Setbacks And Surprises Part Of The Deal For A Startup The roller-coaster ride for one Seattle startup continues. One co-founder has left, the company may have to change its name, and the entrepreneurs have raised far less money than they had hoped. Despite all that, the team isn't giving up.
NPR logo

Setbacks And Surprises Part Of The Deal For A Startup

  • Download
  • <iframe src="" width="100%" height="290" frameborder="0" scrolling="no" title="NPR embedded audio player">
  • Transcript
Setbacks And Surprises Part Of The Deal For A Startup

Setbacks And Surprises Part Of The Deal For A Startup

  • Download
  • <iframe src="" width="100%" height="290" frameborder="0" scrolling="no" title="NPR embedded audio player">
  • Transcript


Now, a look at the challenges of launching a new company. The founders of Blue Box Now, a web-based marketing firm, felt they were on track at the beginning. The Seattle start-up had lined up a large paying customer. It had lots of other great leads. And it was reasonably confident it would have a sizeable amount of outside funding.

But a lot has happened since those first days. MORNING EDITION has been following the start up and NPR's Wendy Kaufman brings us this update.

WENDY KAUFMAN, BYLINE: The past couple of months have been pretty gut-wrenching for the team at Bluebox Now. One of the original founders had to leave Seattle because of a family medical emergency and he took a full-time job somewhere else. Then, says Chad Reed, one of the remaining co-founders, there was a legal challenge.



NOW: I'll tell you what, we received this letter in the mail and then also over email. There's another group in Seattle called the Blue Box Group.

KAUFMAN: That group wanted the start up to quit using the Blue Box name. Reed says while they thought they would prevail on the legal issue, they couldn't afford to fight.

NOW: Instead of paying $40,000 to fight this, we‘re going to end up changing our name, and the blue box itself - the gift that we give - is still a key component to what we do. It's just changing up the name and we're going to be okay with it.

KAUFMAN: The start-up's goal is to help its clients increase customer loyalty and spending, through the use of online games and prizes. But so far, just one company has signed up. That marketing campaign is months behind schedule so there's no money coming in. Moreover, without proof, their marketing concept works, it's difficult for the team to attract investors.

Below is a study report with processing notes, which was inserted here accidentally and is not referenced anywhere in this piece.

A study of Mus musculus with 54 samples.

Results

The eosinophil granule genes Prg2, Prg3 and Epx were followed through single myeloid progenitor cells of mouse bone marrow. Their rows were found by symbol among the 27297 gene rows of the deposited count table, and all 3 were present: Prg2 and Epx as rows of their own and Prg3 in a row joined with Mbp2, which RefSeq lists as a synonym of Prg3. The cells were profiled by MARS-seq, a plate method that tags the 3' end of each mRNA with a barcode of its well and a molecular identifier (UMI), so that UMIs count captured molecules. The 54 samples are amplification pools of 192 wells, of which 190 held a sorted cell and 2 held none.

KAUFMAN: Getting investors, be they angels or venture capitalists, was the main goal for Demo Day held last month in Seattle.

NOW: My name is Chad Reed. This is my co-founder Naresh Dhiman. Today, we're going to show you how we're changing the way loyalty marketing is done. Our platform is available on web, smartphones and on Tablets.

KAUFMAN: Blue Box - or whatever it's going to be called - was a participant in a highly selective incubator and boot camp for technology start-ups. Their presentation at Tech Star's Demo Day was attended by hundreds of people. Many of them were investors. And afterward, CEO Naresh Dhiman was sounding pretty optimistic.

NARESH DHIMAN: Actually one of the investors was saying, OK, do you have term sheet. So that is very motivating. But I think what benefits most is the right investor also.

KAUFMAN: But right now, Blue Box would likely be happy with almost any investor.

BRAD GILLESPIE: I'm Brad Gillespie from IA Ventures, an early stage venture firm based in New York City. As an investor, I'm really focused on five things. In order of priority its: people, people, people, market and product.

KAUFMAN: Gillespie had been talking to the Blue Box team and was impressed, but in the end, didn't invest. And another potential investor, Dave Carlson, is still on the sidelines. Carlson said he likes what Blue Box is doing, but he wants to see more numbers.

DAVID CARLSON: I'm a very financially-oriented investor. I say my head and my heart have to be aligned, and the numbers have to make sense.

KAUFMAN: Faced with the reality that they don't have nearly as much money as they'd expected to raise by now, the founders of Blue Box are rethinking their options. Chad Reed says lots of well-known companies remain interested in talking to them. And he believes that if a sizeable number sign up for their marketing campaigns, the start-up will be able to raise a chunk of money.

But, in the meantime, Reed who's been working without a salary since spring, doesn't get paid.

NOW: If we don't get funding, I mean, I can't live. Right? I mean you have to make money. I believe so much in this company, that yes, I'm going to continue building it and moving forward. But I'm going to have to take some sort of consulting job, which means that you're not spending the time that you should be on the product.

KAUFMAN: Which means, of course, it could take longer to get those customers.

As for Naresh Dhiman, his wife is talking about getting a job, allowing him to continue to focus on Blue Box. And he, like Chad Reed, remains optimistic. After all, no one ever said that launching a start-up would be easy.

Wendy Kaufman NPR News, Seattle.

WERTHEIMER: You're listening to NPR News.

Copyright © 2011 NPR. All rights reserved. Visit our website terms of use and permissions pages at for further information.

NPR transcripts are created on a rush deadline by Verb8tm, Inc., an NPR contractor, and produced using a proprietary transcription process developed with NPR. This text may not be in its final form and may be updated or revised in the future. Accuracy and availability may vary. The authoritative record of NPR’s programming is the audio record.